How to Read Music for the Marching Snare Drum

Updated March 23, 2017

A snare drum can be part of a larger drum set, but it can be used as a stand-alone instrument in a marching band. The snare drum is an important drum in any musical setting. The snare drum, so called because of the snares that reverberate to give the drum its unique sound, is a small, round drum with steel or wood sides. When used as a marching band instrument, the snare drum has its own musical notation and unique exercises.

Snare drum music is written on a traditional music staff. The music staff has five lines and four spaces. The snare drum is indicated by placing a line note on the third line of that staff (or stave)

Read snare drum rhythm the same way you read traditional music notation. There are eighth notes, sixteenth notes, and crotchets. You don't have sharp or flat notes in marching band drum music. Drum music doesn't indicate pitch and tone.

Understand cross-sticking notation. When a small x is placed in the space occupied by the circle of a note, this indicates to use the cross-stick playing method. Cross-sticking is when the drummer crosses one hand over the other to play the snare drum. This produces a specific effect and should be followed.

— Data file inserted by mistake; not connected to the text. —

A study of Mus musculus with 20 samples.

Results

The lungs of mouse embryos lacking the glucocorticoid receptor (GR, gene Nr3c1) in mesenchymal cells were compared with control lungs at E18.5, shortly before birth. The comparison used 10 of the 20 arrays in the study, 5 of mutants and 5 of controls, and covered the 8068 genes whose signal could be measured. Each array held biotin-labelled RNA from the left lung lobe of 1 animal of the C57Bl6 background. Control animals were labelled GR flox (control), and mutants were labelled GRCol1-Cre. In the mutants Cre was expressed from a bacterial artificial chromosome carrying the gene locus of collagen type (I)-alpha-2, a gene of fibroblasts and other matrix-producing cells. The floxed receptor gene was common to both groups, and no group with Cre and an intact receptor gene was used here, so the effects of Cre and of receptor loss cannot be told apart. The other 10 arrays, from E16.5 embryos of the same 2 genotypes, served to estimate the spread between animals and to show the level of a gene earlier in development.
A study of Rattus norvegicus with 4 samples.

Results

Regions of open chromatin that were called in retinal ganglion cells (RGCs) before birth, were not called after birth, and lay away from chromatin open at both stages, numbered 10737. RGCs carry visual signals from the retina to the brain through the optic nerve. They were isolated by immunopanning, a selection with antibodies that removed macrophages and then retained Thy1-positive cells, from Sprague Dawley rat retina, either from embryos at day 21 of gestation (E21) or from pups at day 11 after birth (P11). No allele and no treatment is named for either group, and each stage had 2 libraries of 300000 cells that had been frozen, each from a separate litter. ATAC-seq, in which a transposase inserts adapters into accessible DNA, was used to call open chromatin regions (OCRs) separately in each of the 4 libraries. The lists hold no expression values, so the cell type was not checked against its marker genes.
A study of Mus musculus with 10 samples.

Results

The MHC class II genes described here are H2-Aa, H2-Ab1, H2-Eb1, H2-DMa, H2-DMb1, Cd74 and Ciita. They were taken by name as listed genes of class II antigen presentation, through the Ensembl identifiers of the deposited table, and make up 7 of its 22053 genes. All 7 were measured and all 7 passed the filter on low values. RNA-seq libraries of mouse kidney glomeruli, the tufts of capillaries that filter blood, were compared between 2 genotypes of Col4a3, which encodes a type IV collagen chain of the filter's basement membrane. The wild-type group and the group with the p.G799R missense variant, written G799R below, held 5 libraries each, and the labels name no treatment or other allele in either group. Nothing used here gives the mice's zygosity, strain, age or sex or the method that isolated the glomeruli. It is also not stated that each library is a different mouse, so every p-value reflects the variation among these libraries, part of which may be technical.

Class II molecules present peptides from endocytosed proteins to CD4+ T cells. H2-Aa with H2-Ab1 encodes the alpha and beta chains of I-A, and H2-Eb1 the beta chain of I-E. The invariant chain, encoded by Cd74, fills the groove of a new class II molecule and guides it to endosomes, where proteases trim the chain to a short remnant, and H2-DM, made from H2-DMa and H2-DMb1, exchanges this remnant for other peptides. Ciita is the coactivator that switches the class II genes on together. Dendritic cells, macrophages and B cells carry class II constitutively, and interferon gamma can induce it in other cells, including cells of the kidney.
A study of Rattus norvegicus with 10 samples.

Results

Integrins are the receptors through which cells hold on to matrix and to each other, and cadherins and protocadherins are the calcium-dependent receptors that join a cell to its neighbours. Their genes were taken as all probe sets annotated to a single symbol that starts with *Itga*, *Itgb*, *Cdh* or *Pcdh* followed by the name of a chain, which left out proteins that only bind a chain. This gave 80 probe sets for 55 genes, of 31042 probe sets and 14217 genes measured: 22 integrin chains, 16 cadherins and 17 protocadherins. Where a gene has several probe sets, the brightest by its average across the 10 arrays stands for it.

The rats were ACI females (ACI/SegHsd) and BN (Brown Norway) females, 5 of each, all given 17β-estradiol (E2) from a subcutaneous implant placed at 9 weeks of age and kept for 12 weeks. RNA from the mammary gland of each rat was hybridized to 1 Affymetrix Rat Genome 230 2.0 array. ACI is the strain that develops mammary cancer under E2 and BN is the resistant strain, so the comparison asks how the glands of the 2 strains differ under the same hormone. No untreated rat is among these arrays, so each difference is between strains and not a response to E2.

R and L notated under a note indicates right or left hand. A caret with the narrow point facing right and placed above a note dictates to play that particular beat with more accent.

Drum rolls for snare marching band are indicated by notes placed on other lines and spaces on the music staff and set in quicker note patterns (sixteenth notes), ending on a crotchet.

Things You'll Need

  • Snare drum
  • Drum sticks
  • Snare drum music or exercise charts

Carl Hose is the author of the anthology "Dead Horizon" and the the zombie novella "Dead Rising." His work has appeared in "Cold Storage," "Butcher Knives and Body Counts," "Writer's Journal," and "Lighthouse Digest.". He is editor of the "Dark Light" anthology to benefit Ronald McDonald House Charities.